New research published in Nature Medicine finds two subtypes of gene expression in peritoneal carcinomatosis (PC) that correlate with patient survival. PC is a kind of metastatic gastric cancer in the peritoneal (abdominal) cavity. The research comes from scientists at The University of Texas MD Anderson Cancer Center.
PC occurs when cancer cells spread to the peritoneal cavity and attach to the stomach and other organs, resulting in fluid accumulation; unfortunately, patients have an overall survival of fewer than six months.
"PC represents a major unmet clinical need, as we don't have effective treatment options available for these patients," said co-corresponding author Jaffer Ajani, M.D., professor of Gastrointestinal Medical Oncology. "Based on our findings, we need to move toward profiling these cells in each patient in order to offer more tailored treatment options."
In carrying out the study, the researchers analyzed over 45,000 individual cells from patients with PC. This in-depth analysis is the most extensive that has been conducted.
"In order to better treat patients with PC, we first have to understand the populations of metastatic cells in the peritoneal cavity," said co-corresponding author Linghua Wang, M.D., Ph.D., assistant professor of Genomic Medicine. "This is the most detailed analysis of these cells performed to date. That is the power of single-cell analysis -- we are able to look at every single cell and get a picture of the landscape."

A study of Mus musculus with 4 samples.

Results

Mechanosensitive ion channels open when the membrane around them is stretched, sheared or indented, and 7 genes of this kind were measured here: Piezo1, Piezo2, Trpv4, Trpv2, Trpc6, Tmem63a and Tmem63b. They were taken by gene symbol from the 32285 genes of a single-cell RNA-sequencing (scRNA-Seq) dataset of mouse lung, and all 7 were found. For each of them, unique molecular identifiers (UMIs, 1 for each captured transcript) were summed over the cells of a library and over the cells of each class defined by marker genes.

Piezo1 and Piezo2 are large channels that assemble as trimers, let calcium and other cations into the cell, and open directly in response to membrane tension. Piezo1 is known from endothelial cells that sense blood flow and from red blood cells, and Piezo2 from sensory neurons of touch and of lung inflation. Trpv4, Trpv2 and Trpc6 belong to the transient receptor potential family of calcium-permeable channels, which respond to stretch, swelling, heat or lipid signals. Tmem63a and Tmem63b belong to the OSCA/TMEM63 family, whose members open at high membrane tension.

In their analysis of the cells, the team noticed a clear distinction between two different types of cells and their correlations with survival. Wang explains: "The intriguing aspect is that, by classifying tumor cells based on lineage compositions, we noted two groups of patients. The more gastric-like PC cells had an aggressive phenotype and were associated with shorter survival. However, the more intestine-like PC cells were less aggressive, and patients had longer survival."
Based on this information, the researchers were able to develop a gene expression signature that allows for a more accurate prediction of patient survival than current tools. The team says they hope that their findings can be used to guide treatment decision-making processes.